Cervical Canal Stenosis

The cervical spine is subject to the wear and tear of the entire spine. It does not bear the load of the lumbar spine but does not get any support from the ribs. Subsequently disease is more common than the thoracic spine, but much less than the lumbar spine (lower back).

Degenerative arthritic changes in the cervical spine secondary to ageing may result in bony and soft tissue overgrowth with resultant encroachment on the cervical spinal canal, termed cervical canal stenosis. In addition any disc prolapse may lead to further narrowing of the spinal canal.

Cause

Cervical canal stenosis is a degenerative disease. A portion of the population have a congenitally small cervical canal which predisposes them to canal stenosis. Previous neck trauma or chronic manual work may also predispose to the development of cervical canal stenosis.

Signs and Symptoms

A variety of symptoms are present with cervical canal stenosis due to degenerative changes with bones and joints and pressure on neurological structures as a result. These may progress with time and include:

  • Neck pain
  • Radicular pain (radiculopathy)
  • Myelopathy

Neck pain

Chronic neck pain radiating to the back of the head and down between the shoulder blades may be present. This may be worsened with neck movements. Whilst this pain may be intense, unless there is marked instability in the cervical spine there is usually no operative neurosurgical treatment indicated.

Radiculopathy

Stenosis in the lateral regions of the cervical canal may result in pressure on the exiting nerve roots. The nerve roots supply power and sensation to the arms and severe radicular pain (pain shooting into the arm) may occur in a specific nerve distribution. Numbness and tingling may also occur in the same region.

Myelopathy

Stenosis in the central regions of the cervical canal may result in pressure on the spinal cord. This may result in disruption of the nerve signals to the legs and cause spastic legs, hyper-reflexic legs and difficulty walking (myelopathy). It may also result in radicular symptoms with pain shooting into the arms, torso or legs. There may also be loss of control of the bowel and bladder function.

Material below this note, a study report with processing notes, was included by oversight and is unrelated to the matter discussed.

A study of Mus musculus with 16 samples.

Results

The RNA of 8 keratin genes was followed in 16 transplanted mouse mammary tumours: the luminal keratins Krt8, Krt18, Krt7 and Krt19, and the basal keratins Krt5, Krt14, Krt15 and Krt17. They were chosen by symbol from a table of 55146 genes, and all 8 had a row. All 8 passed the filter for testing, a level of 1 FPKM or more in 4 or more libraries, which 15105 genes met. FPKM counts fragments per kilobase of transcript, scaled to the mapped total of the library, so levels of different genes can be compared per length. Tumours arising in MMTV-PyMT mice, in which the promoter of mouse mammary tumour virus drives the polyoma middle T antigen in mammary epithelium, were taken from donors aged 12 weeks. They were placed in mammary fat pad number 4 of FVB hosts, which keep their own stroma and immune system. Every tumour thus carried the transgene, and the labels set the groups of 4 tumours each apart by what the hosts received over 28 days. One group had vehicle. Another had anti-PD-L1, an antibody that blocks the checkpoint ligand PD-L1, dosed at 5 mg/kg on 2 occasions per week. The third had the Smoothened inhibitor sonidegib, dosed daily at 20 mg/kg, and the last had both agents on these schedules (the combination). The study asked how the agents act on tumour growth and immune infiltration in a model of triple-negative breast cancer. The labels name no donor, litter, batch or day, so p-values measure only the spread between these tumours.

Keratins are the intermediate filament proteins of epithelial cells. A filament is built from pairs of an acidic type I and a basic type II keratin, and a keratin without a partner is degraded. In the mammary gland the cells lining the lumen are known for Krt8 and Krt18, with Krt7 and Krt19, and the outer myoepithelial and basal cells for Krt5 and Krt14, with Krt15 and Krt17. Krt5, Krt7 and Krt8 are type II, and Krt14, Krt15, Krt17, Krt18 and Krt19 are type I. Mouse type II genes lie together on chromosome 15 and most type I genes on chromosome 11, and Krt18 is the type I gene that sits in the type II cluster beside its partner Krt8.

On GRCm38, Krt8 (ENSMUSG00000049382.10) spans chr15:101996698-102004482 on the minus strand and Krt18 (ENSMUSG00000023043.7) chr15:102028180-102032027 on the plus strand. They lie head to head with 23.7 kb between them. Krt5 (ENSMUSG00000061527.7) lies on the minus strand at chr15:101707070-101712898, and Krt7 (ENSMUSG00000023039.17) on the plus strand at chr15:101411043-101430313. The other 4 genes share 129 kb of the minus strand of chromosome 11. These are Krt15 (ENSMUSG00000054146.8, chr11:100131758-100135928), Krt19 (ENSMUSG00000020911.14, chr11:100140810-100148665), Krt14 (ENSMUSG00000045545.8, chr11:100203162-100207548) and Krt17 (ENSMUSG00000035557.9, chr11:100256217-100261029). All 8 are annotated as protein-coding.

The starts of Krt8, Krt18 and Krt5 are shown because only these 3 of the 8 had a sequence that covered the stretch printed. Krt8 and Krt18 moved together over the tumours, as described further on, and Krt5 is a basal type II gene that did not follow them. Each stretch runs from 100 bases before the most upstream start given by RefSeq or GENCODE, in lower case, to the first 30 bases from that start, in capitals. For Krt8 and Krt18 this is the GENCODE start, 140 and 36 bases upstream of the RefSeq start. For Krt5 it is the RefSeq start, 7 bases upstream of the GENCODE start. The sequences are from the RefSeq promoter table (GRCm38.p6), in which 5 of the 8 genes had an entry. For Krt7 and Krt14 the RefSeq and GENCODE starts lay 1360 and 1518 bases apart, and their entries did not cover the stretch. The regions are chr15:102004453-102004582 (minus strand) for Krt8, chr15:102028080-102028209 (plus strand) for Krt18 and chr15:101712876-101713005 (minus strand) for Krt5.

Severe cervical canal stenosis may render the patient at high risk of paralysis from an acute event like trauma or an acute cervical disc prolapse.

Investigations

  • Plain x-rays – these are usually taken to rule out any fracture or malalignment. Dynamic x-rays taken in flexion and extension may be performed to document any instability. Plain x-rays do not give any information on nerve root or spinal cord compression.
  • CT C-spine – this is usually the first investigation ordered by the GP for neck pain/radicular symptoms. It gives an indication of the severity of any canal stenosis. Occasionally it is combined with a myelogram to demonstrate any functional compression/obstruction.
  • MRI C-spine – this is the gold standard in looking for cervical canal stenosis and to delineate the degree of nerve root or spinal cord compression.

The presence of intractable radicular pain and neurological deficit is an indication for operative neurosurgical treatment. Neurosurgical treatment aims to relieve symptoms via decompressing nerves with or without stabilising the spine (fusion). Myelopathy is difficult to reverse and decompression for this symptom is aimed at preventing worsening of symptoms rather than improvement back to normal.

For more information on St Vincent's Neuroscience services and additional resources visit our dedicated Neuroscience site here.